CHICAGO – On the eve of National Infant Immunization Week (NIIW), Chicago was awarded “Most Improved City” by the Centers for Disease Control and Prevention (CDC) for reaching nearly a 75 percent vaccination rate for infants in 2011, representing a 7 percent increase over the previous year. The city’s public health department was largely credited with the turn-around.
NIIW has been observed annually since 1994, and was created to highlight the continued need for infant vaccinations that can protect against preventable and potentially deadly diseases. This year, NIIW falls on April 21 – 28.
So can Chicago families stop worrying about measles, mumps and pertussis?
“Not by a long shot,” said CDC medical director Dr. Andrew Kroger. In a roundtable discussion with members of Chicago’s ethnic media last week, Kroger said the CDC is continuing to encourage parents to vaccinate their children under 2 years-old to fight off 14 vaccine-preventable diseases. Despite a general acceptance of vaccinations, hundreds of children nationwide continue to contract diseases that completely preventable.
Kroger cited 222 reported cases of measles in the U.S. in 2011. Another 27 people died from pertussis (also known as “whooping cough”) last year. The early numbers for 2012 are also troubling. Since the beginning of 2012, there have been a total of 897 cases of whooping cough reported in Washington State alone.
Of all age groups, the “very young” have been hit the hardest by preventable disease. Of the 27 Americans who died from whooping cough in 2011, 25 were babies less than one year old. In Illinois last year, where 1,000 cases of whooping cough were reported, one-third were children younger than seven.
“Vaccinate your infants before the age of two,” was the resounding message from Dr. Julie Morita, who directs the Chicago Department of Public Health’s Immunization Program. Morita stressed that parents should not wait until their children enroll in school to vaccinate them. The contagious nature of many of the diseases, such as measles, she said, means that “one case can spread very easily.” Infants are “most vulnerable to serious illness,” said Morita.
Despite Chicago’s success rate in getting children vaccinated over the last two decades, one in four children here have not received all the vaccines they need. “Parents may think that they cannot afford to pay for the vaccines,” Morita said. “We want parents to be aware of the federal Vaccines for Children (VFC) Program,” she said. VFC provides free vaccines to children from low-income families.
In order to educate more families about free vaccines, health workers are spreading out across the city, taking the message to different neighborhoods and communities. Lisa Kritz, project director for the Chicago Area Immunization Campaign, is leading the campaign that sends vans to “pockets of need” in the city.
Stopping at laundromats, beauty parlors, churches, and Women, Infants and Children (WIC) Centers with the message, “You’re not done at age one,” they also employ text messages to remind mothers when their child is due for their next immunization shot, through a program called “Text for Baby.” So far, 14,000 people have signed up.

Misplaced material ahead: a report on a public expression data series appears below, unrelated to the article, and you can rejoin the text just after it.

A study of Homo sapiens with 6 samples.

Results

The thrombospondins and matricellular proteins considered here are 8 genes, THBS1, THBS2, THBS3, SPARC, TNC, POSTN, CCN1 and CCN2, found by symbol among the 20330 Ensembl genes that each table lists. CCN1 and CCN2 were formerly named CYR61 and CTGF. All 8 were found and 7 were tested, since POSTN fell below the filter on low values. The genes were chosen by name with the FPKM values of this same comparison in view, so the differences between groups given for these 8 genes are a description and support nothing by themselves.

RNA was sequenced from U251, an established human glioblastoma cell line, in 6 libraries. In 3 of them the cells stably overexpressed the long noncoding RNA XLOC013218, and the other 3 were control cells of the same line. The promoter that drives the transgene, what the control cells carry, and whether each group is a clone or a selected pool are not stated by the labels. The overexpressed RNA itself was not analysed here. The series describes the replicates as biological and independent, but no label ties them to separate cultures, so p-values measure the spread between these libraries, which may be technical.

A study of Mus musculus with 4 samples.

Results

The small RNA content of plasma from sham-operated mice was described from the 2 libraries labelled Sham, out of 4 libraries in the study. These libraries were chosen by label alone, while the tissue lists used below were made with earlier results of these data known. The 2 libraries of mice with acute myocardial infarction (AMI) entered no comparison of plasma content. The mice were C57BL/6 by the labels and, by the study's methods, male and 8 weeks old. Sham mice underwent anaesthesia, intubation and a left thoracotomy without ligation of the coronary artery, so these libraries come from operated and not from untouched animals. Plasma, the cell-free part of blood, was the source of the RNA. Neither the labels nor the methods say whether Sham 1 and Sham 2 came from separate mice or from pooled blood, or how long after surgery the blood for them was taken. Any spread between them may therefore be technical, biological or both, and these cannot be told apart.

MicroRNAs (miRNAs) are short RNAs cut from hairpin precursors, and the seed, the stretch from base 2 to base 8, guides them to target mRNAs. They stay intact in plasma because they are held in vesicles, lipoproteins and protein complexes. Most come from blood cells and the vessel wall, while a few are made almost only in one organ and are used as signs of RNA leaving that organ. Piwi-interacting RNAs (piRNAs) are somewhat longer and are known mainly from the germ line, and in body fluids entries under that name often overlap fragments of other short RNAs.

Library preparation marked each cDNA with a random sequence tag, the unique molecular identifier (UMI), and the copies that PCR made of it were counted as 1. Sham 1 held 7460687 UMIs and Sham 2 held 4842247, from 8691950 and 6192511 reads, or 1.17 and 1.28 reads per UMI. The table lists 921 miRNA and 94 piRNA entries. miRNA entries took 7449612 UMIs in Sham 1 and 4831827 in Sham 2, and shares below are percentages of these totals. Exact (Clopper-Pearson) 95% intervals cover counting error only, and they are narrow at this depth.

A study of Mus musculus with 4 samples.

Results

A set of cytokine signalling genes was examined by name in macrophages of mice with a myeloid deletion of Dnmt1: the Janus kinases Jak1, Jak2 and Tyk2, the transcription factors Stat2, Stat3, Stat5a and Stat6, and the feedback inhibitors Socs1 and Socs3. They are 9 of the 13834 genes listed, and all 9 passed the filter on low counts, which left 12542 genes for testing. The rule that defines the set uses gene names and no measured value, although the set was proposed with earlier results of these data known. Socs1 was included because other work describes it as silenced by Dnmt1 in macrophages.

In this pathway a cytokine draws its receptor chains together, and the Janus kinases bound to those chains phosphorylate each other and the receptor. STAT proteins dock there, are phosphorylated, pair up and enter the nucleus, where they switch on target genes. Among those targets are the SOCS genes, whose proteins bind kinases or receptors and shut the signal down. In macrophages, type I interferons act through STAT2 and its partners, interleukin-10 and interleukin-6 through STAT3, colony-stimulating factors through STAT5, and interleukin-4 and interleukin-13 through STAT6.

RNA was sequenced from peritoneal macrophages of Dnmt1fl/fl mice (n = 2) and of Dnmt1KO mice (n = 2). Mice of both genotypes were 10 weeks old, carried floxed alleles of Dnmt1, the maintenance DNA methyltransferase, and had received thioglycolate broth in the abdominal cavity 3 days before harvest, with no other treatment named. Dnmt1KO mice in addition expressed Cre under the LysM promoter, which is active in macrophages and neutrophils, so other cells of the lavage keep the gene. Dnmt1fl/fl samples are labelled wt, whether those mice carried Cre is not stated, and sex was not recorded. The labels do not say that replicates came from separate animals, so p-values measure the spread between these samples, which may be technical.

“It’s this kind of ground-level community outreach work that’s led to a lessening of disparities in immunizations rates,” Kritz said. African Americans in Chicago are now covered at 66.9 percent, whites at 69 percent and Hispanics have the highest immunization rates, at 73 percent.
Key to the improved coverage rates in Chicago’s Hispanic community is a high level of trust in doctors and health care providers as a whole, according to Dr. Daniel Perez, who works as a pediatrician in the Little Village neighborhood.
Misinformation about vaccinations, such as the myth that people get sick from shots, has also lessened, he said. He added that Medicaid patients often have a better record of vaccination than those with private health care insurance, because they often know their doctor. Those with private health care insurance often have multiple doctors and don’t always get that customized advice from a trusted provider.
Yet there is one obstacle that experts admit may be somewhat beyond their reach — Chicago’s global proximity. With thousands of travelers coming in and out of O’Hare International Airport each day, some diseases are just “a plane ride away,” said Morita. And it’s not just the developing world where diseases are being contracted, she said.
The World Health Organization’s European Region, for example, reported about 35,000 cases of measles in 2011. A new wave of “vaccine hesitancy” in France and Italy has resulted in unvaccinated Americans returning from trips abroad having contracted measles, Morita said. Some unvaccinated individuals were too young to receive the measles vaccine before they traveled, some may not have been aware of the need to be vaccinated and others may have refused the vaccine. Parents who are traveling to Western Europe with a baby six-months of age and older, she said, need to get vaccinated before they go.
Vaccines are “a cornerstone of public health,” said Kroger. “They are a foundation of wellness.”